On the way to the Peace Rally, I wanted to ask the Prime Minister a channel question: volume or value, Mr Howard? But he had, apparently, already made up his mind. The number of people who turned up at rallies around the country in order to add some volume to the anti-war stance failed to impress upon Mr Howard’s understanding of democracy. It is the values of democracy — not the numbers — that matter, he said.
So democracy doesn’t have much to do with volume? Funny that! I’ve always thought that the definition of democracy — and its core value — revolved around majority rule, citizenship and representation. Demos+kratia means the rule of the people. This is what the old Greeks said, at least. Or was that a line from My Big Fat Greek Wedding? Oh, never mind. The point is that, in this instance and according to Mr Howard, there seems to be not much value (or was he really talking margin?) in the definition of democracy. In other words, volume (the majority rule at home) is out, and value (add value to Iraqis’ democracy — at any cost) is in. He certainly knows a thing or two about the channel, doesn’t he? But I digress.
The PM may have arrived at his conclusion in a roundabout way, but nobody can doubt that his understanding of our industry is impeccable. In fact, provided that he doesn’t retire, doesn’t commit Australia to a merger that would leave even HP and Compaq looking like two peasant co-operatives and doesn’t win the next election, he may well find employment in the channel.
For Mr Howard obviously understands the importance of service better than most in the industry. He certainly understands it better than IT consultants, which would explain why so many of them are unemployed these days.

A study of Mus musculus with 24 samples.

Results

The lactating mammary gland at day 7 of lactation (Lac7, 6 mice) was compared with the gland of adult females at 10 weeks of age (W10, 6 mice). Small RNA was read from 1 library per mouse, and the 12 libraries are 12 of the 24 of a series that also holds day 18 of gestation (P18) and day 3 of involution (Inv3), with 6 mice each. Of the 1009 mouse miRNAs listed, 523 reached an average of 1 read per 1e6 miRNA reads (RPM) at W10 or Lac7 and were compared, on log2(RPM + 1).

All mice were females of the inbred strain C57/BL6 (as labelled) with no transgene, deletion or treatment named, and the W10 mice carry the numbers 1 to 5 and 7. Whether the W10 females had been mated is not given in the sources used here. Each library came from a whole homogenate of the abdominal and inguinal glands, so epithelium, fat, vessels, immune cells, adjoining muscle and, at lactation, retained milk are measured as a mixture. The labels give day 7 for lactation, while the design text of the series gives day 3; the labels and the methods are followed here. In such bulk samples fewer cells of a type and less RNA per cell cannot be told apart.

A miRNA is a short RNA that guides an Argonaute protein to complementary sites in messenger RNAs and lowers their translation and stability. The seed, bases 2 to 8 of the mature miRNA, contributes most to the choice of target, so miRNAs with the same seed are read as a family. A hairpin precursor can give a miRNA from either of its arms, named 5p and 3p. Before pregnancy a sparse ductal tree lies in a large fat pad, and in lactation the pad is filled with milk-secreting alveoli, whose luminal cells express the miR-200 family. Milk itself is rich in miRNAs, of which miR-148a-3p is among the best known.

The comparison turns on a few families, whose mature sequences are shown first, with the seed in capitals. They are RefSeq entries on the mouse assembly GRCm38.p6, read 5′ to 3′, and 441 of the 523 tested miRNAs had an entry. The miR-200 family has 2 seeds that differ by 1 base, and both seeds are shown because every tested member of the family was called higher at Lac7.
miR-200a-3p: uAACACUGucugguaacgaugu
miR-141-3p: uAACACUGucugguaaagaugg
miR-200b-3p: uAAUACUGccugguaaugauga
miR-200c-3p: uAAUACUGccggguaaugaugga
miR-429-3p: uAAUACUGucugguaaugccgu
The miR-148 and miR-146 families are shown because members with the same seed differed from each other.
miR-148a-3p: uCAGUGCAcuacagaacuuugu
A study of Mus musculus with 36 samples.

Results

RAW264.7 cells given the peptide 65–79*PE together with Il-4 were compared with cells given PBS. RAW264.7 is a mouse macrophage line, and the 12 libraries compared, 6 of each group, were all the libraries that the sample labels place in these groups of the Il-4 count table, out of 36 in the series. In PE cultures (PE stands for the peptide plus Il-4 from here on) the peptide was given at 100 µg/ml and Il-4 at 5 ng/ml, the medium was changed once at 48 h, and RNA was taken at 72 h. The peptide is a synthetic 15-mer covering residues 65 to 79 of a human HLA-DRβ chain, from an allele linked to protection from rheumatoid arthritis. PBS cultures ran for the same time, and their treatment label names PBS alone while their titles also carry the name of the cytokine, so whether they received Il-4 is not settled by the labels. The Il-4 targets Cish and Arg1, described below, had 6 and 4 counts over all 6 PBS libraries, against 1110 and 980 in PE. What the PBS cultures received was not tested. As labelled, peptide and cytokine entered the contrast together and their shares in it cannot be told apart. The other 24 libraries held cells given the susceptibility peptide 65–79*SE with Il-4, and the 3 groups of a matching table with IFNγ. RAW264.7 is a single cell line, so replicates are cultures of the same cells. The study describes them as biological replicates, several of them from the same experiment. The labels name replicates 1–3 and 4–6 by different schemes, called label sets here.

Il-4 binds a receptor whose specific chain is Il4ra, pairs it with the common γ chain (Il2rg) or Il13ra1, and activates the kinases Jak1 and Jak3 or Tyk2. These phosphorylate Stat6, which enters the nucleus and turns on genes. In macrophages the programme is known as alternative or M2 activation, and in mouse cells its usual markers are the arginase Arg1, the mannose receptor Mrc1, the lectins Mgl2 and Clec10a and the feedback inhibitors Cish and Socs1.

Sadly mistaken in their belief that numbers count as much in a democracy as they do in the channel, the latter bunch turns up at Hyde Park — banner and all — to march with Bisexuals Against the War to their right, Grandparents Against War to their left, and the CFMU in front of them. An interesting little society, but when your unemployment figures run at twice the national average you should be more careful about your friends, right? In fact, everything indicates that they would have been better off sticking with the PM. Why, you ask?
Well, having had his advisors take a thorough look at channel data, Mr Howard must have realised that the volume channel was doing 5 per cent more services in 2002 than in previous years and will continue to do so (at least that’s what channel research group Inform Business Development would have told him). Adopting the trend, he figured that more revenue will be derived from providing “service” to Iraqi people, than from maintaining volume sales at home. And, after three terms in the office, he is no longer likely to care about volume, anyway.
Now, there’s food for thought! If democracy is about volume — and the PM doesn’t care about it, why not move him into the area of life where he can put his passion for services to good use! How does the Honourable John Howard, member for IT channel sound?